CA Prop 65 Coffee Issues Still Brewing
As has been widely reported, in May 2018, a Los Angeles Superior Court judge ruled that Prop 65 warning labels are required to be placed on “ready-to-drink” coffee products. Acrylamide, a Prop 65 listed chemical that allegedly is a carcinogen, forms during the coffee roasting process. It is also a byproduct when foods containing starch, for example, potatoes and cereal grains are heated.
As the parties were gearing up for the damages phase of the trial, California’s Office of Environmental Health Hazard Assessment (OEHHA), the agency responsible for administering Prop 65, took action. In June 2018, OEHHA proposed an amendment to its regulations that does not require a Prop 65 warning on coffee labels for acrylamide that results from the roasting process. A public comment period and a public hearing on the proposed regulation just concluded in August. If the proposed regulation is passed, it would largely exempt coffee from Prop 65 cancer warnings. The proposed regulation does not, however, address the need for warning for exposures to listed chemicals that may occur if the chemicals are intentionally added to the coffee mixture or enter the mixture as contaminants in some way other than by the process of roasting and brewing.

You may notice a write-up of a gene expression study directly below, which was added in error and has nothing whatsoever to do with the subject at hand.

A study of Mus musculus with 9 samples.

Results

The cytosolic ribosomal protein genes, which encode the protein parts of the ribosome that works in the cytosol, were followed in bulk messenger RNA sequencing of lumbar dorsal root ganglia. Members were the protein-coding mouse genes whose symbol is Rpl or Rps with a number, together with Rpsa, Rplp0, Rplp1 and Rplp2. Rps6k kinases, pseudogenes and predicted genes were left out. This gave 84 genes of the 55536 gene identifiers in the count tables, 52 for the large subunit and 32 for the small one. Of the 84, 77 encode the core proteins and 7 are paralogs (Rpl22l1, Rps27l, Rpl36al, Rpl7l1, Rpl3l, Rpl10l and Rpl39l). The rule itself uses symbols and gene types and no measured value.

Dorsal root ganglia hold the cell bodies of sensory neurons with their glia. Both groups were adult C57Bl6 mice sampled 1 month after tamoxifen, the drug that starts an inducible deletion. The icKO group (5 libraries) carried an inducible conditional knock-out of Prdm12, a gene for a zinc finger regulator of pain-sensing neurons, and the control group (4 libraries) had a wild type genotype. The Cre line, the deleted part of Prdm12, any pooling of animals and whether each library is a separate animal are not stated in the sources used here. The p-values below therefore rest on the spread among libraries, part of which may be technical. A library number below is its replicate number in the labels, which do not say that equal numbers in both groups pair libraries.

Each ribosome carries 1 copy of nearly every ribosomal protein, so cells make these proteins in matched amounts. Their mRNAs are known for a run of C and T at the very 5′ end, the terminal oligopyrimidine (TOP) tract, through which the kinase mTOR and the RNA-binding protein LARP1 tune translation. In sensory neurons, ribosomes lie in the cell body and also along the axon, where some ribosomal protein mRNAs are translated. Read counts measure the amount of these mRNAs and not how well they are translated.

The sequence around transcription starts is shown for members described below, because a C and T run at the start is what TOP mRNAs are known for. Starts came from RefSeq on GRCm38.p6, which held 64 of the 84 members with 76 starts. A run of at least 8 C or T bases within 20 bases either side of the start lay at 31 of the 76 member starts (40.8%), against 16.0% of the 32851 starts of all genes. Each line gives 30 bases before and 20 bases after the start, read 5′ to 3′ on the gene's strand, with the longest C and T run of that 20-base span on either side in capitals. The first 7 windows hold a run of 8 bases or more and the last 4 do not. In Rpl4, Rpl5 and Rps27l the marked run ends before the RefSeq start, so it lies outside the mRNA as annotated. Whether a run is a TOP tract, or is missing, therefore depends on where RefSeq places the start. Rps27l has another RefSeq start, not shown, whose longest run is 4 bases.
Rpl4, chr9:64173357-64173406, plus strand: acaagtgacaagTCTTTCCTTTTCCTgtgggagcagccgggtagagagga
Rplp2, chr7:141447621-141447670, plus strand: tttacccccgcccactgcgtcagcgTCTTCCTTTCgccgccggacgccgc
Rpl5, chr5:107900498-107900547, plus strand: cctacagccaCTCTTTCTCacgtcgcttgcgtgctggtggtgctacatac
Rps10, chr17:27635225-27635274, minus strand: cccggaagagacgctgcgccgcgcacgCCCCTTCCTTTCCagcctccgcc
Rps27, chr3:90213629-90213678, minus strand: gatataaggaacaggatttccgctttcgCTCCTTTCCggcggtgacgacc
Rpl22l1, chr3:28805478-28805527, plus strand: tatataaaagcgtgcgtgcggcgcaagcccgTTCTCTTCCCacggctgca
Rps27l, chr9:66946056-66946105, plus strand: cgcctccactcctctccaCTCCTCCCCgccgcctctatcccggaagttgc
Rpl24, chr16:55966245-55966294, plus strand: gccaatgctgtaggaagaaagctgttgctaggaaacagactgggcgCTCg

The FDA has weighed in on the issue in support of the proposed regulation. The latest research “does not support a cancer warning for coffee,” Food and Drug Administration Commissioner Scott Gottlieb said in a statement. Such a label “could mislead consumers to believe that drinking coffee could be dangerous to their health when it actually could provide health benefits,” Gottlieb said. Misleading labeling could also violate federal law, he said. “Strong and consistent evidence shows that in healthy adults moderate coffee consumption is not associated with an increased risk of major chronic diseases, such as cancer, or premature death,” Gottlieb said.
Coffee is no longer considered a possible cancer hazard by the International Agency for Research on Cancer (IARC), a branch of the World Health Organization that is the global authority on the science of potential carcinogens. Two years ago, the agency reassessed evidence from more than 1,000 human and animal studies and found the science didn’t support coffee being labeled as a cancer risk. As readers of this space may recall, IARC is the one research group that has continued to identify glysophate, the herbicide in Monsanto’s Round-Up product that is currently the subject of a multi-billion dollar jury verdict that has spawned numerous additional lawsuits, as a carcinogen.
Other research has found that coffee may confer a variety of health benefits, such as reduced risk of heart disease and type 2 diabetes.
The coffee issue may provide additional support for several bills introduced in Congress that propose a uniform federal approach on labeling.